3 min read

Managing and Deploying an IoT Edge device with Azure

Unleash the power of remote control and updates for your IoT devices with Azure IoT Edge! Learn about the deployment process and grab a handy script to easily target and deploy to specific devices. Boost your IoT game and stay ahead of the competition! #IoT #AzureIoTEdge #RemoteManagement
Managing and Deploying an IoT Edge device with Azure
Photo by Jorge Ramirez / Unsplash

Azure IoT Edge allows you to have a runtime to easily control what is running on your devices and remotely update them. As an example, I have an IoT Edge device running in production almost 100km from my house and can target it remotely in one simple command!

Through this article I wish to provide some insights on how 1) Azure IoT Edge Deployments work and 2) An easy script I use to target this specific device and deploy to it.

The Azure IoT Edge Deployment Process

Currently with Azure IoT Edge a couple of things happen when you deploy a module to an IoT Edge device:

1. The Deployment Manifest

In your solution, you define a deployment manifest (e.g., deployment.template.json) that explains - in an architecture agnostic way - how your solution looks like and is build up.

For example, you might have 2 modules (a temperature sensor and a temperature prediction module) which send data over shared memory (a module - container configuration through binds). These modules utilize a custom repository so also use custom credentials from an environment variable.

💡 More information: https://learn.microsoft.com/en-us/azure/iot-edge/how-to-deploy-modules-portal?view=iotedge-1.4#configure-a-deployment-manifest

These modules are pulled from a container registry which is also configured in this manifest file.

2. Building the Deployment Manifest

Once the deployment manifest has been created, it's time to build it (generate the architecture specific config). This step will take of a couple of things:

  • Expand variables to the respective environment variables (e.g., $ACR_REPO towards YOUR_REPO_NAME if the environment variable ACR_REPO exists)
  • Replace placeholders (e.g., the architecture name)

Which will publish the result in the config/ folder (e.g., config/deployment.arm68v8.json)

3. Pushing the containers

Now the deployment configuration has been generated, the last step before we can configure our device is to push the containers of the modules to a container registry.

4. Configuring our Device

Finally, we configure our device to utilize the generated deployment manifest that will tell the device where the containers are situated and will pull + manage them accordingly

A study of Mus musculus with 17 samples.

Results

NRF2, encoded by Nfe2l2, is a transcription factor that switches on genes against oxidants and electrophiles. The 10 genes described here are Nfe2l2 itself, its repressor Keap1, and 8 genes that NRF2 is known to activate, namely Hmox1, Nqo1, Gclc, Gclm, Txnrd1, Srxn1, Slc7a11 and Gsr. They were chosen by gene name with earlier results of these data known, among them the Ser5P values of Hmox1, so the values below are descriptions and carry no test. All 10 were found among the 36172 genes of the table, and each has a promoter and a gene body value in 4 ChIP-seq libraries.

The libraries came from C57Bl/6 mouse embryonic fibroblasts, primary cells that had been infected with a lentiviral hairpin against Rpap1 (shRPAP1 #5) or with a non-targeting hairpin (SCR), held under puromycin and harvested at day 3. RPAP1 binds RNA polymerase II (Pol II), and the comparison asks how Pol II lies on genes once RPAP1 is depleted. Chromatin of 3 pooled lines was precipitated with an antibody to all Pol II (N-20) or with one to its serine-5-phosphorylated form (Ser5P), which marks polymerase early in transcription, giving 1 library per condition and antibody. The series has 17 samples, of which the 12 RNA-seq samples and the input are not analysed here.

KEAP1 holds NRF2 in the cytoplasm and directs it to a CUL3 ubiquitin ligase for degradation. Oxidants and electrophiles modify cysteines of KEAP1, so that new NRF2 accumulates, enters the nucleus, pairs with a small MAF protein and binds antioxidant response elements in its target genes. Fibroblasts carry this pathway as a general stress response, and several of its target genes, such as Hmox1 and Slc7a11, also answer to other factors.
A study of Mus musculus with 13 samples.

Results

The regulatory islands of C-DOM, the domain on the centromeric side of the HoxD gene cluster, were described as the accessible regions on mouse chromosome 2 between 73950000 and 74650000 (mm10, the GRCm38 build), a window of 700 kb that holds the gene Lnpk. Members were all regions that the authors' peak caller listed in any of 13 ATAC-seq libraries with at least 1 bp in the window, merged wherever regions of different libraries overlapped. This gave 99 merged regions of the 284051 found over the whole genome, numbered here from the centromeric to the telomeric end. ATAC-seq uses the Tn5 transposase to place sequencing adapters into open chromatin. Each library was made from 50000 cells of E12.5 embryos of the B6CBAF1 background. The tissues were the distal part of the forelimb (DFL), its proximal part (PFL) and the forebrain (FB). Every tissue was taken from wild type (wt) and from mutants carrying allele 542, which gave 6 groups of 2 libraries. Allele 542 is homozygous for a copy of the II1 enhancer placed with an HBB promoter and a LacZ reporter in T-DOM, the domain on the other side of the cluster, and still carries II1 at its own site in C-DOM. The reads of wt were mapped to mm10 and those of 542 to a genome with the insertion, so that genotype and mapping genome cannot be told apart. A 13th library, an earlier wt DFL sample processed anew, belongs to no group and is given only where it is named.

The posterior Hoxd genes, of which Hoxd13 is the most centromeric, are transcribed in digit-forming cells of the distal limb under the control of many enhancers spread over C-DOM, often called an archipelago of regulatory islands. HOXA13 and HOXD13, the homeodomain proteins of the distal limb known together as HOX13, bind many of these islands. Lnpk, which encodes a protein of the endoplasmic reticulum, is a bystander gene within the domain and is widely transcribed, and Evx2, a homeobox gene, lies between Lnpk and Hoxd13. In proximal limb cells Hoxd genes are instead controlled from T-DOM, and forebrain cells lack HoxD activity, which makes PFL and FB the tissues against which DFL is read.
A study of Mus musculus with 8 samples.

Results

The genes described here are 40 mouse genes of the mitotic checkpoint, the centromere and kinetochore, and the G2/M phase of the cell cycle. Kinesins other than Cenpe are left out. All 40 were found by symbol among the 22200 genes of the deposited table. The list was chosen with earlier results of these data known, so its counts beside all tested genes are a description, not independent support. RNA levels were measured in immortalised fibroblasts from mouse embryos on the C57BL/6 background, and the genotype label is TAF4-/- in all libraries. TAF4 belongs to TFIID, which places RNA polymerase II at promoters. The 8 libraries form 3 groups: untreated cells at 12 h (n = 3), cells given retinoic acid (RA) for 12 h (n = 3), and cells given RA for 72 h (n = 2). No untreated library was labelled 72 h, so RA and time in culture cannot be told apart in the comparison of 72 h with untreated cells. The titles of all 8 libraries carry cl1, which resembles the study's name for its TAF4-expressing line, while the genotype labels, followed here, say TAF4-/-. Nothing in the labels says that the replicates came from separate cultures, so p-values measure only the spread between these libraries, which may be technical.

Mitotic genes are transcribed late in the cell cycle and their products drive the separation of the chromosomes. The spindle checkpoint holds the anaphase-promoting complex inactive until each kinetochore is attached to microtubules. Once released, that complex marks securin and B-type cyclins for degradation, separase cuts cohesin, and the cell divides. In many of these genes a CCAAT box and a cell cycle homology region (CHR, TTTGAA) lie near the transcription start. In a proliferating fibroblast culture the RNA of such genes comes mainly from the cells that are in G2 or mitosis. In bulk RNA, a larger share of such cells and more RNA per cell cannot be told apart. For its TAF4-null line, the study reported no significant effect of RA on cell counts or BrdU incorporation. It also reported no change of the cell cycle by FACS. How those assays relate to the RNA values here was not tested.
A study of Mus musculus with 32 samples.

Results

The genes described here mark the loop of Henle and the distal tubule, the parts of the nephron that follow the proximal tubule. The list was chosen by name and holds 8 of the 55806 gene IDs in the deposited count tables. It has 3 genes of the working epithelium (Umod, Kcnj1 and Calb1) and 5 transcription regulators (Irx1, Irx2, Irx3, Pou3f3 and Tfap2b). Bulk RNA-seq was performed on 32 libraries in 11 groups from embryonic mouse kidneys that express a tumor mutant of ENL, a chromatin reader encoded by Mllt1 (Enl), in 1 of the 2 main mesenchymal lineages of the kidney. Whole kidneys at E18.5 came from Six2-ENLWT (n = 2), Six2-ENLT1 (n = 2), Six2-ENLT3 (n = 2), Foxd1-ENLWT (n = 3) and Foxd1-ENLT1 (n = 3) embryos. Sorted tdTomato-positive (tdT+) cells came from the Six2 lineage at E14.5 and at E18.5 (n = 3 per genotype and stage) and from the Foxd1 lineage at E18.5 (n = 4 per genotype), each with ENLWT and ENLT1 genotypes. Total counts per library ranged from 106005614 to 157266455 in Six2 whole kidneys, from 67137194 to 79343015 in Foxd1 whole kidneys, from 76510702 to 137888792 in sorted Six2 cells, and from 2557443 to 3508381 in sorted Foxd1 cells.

Below you can find an illustration of the process explained above.

Development Process

Putting this into practice can be quite intimidating and complex. Personally, I found the following interesting to work with:

  1. Build and push the containers cross-architecture through buildx
  2. Generate a Deployment Manifest config for my architecture
  3. Set the modules on a provided device

All these steps, I have automated through a simple script which you can find below and that I call through:


Deployment Script

PLATFORM=${4:-arm64v8} # Set PLATFORM to arg $2 but default to arm64v8
ACR_REPO=${5:-your_repo} # Set ACR_REPO to arg $3 but default to hardcoded


if [ -z "$HUB_NAME" -o -z "$DEVICE_ID" ]; then
    exit 1

echo "==============================================================================================="
echo "Deploying '$SOLUTION' to '$DEVICE_ID' ($PLATFORM)"
echo "==============================================================================================="
echo "Logging in to ACR Repo"
echo "(note: if it asks for the name use az account set --subscription \"<YOUR_SUBSCRIPTION>\")"
az acr login --name $ACR_REPO

# Get the ACR credentials and save them into ACR_USERNAME and ACR_PASSWORD
ACR_USERNAME=$(az acr credential show --name $ACR_REPO --query "username" --output tsv)
ACR_PASSWORD=$(az acr credential show --name $ACR_REPO --query "passwords[0].value" --output tsv)

# Initialize qemu
echo "Initializing QEMU"
docker run --rm --privileged multiarch/qemu-user-static --reset -p yes > /dev/null

# Build and push your modules for the target architecture
echo "Building and pushing modules"
for d in modules/*; do
    MODULE_NAME=$(echo $d | cut -d "/" -f 2)
    MODULE_NAME_LOWER=$(echo $MODULE_NAME | tr '[:upper:]' '[:lower:]')

    echo "docker buildx build --push --platform linux/$PLATFORM -t $ACR_REPO.azurecr.io/$CONTAINER_NAME -f $MODULE_DIR/Dockerfile.$PLATFORM $MODULE_DIR"
    docker buildx build --push --platform linux/$PLATFORM \
        -t $ACR_REPO.azurecr.io/$CONTAINER_NAME:latest-$PLATFORM \
        -f $MODULE_DIR/Dockerfile.$PLATFORM \

# Generate the config from the deployment template
# More info: https://learn.microsoft.com/en-us/azure/iot-edge/module-composition?view=iotedge-1.4
echo "Generating Solution Config from 'deployment.template.json' into 'config/deployment.$PLATFORM.json'"
iotedgedev solution genconfig --file deployment.template.json \
    --platform $PLATFORM > /dev/null
# # Push to the device
# # similar to: az iot edge set-modules --hub-name my-iot-hub --device-id my-device --content ./deployment.debug.template.json --login "HostName=my-iot-hub.azure-devices.net;SharedAccessKeyName=iothubowner;SharedAccessKey=<SharedAccessKey>"
# # iotedgedev solution deploy --file config/deployment.$PLATFORM.json
az iot edge set-modules --hub-name $HUB_NAME --device-id $DEVICE_ID --content config/deployment.$PLATFORM.json


Let me know what you think of it and how you are currently managing your IoT Edge deployments!